I know absolutely nothing about insulation so if this is a crazy idea please stop me lol! Can I cut Polyisocyanurate to fit tightly in between the joists and push it down so it stays in place, flush with the tops of the joists? This would leave an air gap between the current insulation and the Polyisocyanurate. I didn't know if an air gap was a good idea or not, or if the polyisocyanurate is recommended for use in an attic?

Also, if it has foil on one side, I assume it faces towards the living space?

The quotes I've gotten are too expensive and I have to do it myself so I was going for the most bang for my buck, which seems to be the Polyisocyanurate. Clean and high R-factor per inch, but only if it's OK for attics. Thanks!!!!
 


Do not add too much insulation to where you have to 'push it down'. Insulation works by stopping air flow and limiting convective heat transfer. When you push down the insulation, you make it more dense and increase conductive heat transfer. So, by adding more insulation and packing it down, you're actually decreasing the effect of your insulation. I would recommend just adding blown in insulation and filling in the cavities between the joists.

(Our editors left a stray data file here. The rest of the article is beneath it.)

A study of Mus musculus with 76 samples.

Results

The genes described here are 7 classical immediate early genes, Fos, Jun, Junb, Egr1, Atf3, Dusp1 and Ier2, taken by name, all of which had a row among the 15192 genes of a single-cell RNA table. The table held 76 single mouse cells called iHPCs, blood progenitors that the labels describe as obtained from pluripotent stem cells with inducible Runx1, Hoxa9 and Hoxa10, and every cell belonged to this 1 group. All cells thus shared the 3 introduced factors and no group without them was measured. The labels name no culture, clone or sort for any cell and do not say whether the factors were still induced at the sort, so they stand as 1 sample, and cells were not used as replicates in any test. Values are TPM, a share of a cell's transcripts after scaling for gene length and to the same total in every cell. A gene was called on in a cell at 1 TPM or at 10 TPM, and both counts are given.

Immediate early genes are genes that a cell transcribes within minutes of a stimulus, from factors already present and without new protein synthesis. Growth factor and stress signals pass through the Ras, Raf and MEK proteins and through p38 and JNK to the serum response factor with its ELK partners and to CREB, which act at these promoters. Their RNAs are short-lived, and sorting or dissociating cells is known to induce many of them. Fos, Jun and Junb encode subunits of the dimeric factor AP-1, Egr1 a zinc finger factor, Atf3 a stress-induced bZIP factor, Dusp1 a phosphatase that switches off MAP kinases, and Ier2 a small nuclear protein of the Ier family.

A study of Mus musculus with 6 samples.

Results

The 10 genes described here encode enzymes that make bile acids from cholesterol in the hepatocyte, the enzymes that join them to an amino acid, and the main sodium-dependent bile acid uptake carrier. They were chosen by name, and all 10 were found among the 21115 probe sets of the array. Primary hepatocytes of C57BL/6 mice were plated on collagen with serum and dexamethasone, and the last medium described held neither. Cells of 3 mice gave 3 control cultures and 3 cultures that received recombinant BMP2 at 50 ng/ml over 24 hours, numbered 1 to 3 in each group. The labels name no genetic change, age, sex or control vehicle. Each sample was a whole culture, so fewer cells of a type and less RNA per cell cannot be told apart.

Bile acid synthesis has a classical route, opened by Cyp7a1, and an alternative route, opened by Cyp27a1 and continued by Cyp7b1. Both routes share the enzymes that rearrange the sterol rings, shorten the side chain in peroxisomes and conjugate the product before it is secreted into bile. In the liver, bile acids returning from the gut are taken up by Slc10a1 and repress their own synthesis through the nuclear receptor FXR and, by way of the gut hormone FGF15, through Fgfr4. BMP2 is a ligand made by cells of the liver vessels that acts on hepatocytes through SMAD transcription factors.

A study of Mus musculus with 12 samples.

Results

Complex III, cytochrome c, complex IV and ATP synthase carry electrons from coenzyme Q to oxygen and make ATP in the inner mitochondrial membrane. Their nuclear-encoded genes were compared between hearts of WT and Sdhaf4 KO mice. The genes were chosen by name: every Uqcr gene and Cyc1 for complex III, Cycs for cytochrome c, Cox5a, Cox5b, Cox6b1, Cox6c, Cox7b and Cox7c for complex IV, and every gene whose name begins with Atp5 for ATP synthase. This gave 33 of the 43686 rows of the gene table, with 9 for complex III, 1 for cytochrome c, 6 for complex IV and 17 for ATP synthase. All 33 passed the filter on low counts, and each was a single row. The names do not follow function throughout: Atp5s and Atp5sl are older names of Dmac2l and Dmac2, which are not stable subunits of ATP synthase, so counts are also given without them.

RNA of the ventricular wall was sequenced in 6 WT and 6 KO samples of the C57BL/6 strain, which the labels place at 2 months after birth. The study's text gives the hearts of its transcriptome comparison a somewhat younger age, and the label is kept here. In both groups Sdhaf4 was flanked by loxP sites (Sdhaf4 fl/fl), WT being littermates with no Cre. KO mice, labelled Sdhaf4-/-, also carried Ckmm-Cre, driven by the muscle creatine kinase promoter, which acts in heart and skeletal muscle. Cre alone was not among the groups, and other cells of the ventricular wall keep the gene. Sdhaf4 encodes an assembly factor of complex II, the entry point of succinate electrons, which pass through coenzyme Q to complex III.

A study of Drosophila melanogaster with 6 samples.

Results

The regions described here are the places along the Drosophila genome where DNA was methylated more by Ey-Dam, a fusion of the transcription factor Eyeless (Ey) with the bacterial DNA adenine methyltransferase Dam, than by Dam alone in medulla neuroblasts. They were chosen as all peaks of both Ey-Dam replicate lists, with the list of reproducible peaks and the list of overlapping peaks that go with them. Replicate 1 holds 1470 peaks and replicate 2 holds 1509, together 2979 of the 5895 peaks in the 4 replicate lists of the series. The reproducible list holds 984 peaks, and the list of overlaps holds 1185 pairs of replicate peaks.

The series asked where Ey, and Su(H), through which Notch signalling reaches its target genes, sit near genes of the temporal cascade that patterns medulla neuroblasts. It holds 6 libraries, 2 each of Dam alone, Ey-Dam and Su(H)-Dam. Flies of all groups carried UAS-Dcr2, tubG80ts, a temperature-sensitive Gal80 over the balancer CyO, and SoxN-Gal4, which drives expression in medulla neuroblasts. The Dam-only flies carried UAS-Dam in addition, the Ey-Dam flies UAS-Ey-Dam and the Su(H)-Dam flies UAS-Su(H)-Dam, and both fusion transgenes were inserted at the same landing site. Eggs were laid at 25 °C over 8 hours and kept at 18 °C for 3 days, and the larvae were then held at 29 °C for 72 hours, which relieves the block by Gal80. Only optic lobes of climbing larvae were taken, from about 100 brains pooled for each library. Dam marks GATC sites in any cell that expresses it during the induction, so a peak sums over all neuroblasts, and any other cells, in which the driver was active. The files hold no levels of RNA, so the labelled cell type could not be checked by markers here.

As far as the foil backing, the foil prevents radiant heat (such as the heat you feel from a campfire). The foil works best when placed away from the living space, especially in hot environments. This prevents the heat from even getting to the insulation and further limits heat transfer.

I don't know much about polyisocyanurate but I did a quick google search on it and found a claim saying that it may not be worth the extra cost. Buyer beware!
 

Thank you very much for the info. I've been doing research and discovered that disturbing the old insulation is a very bad idea, so I'm going to have to hire this job out. Hopefully, the contractor will be able to make a good recommendation. THANK YOU!
 

You want to keep the insulation from blocking the soffit areas so the venting system stays intact.
While you're up there, I'd look at the venting to see if it's enough for the area.
Most houses are under ventilated.
 


Have someone suck up all the old insulation. Once completely cleaned out, have them foam seal all the cracks (except above the canned lighting). Then have them blow in borate cellulose insulation.

As for pushing down the insulation...no..not a good idea as you want it fluffy, not compressed. For the most part, once you get a couple of feet of blown insulation up there, youre not going to be going back up there again. So any changes you want to make to the electrical, ceiling fans, etc, its best to do it before vs after.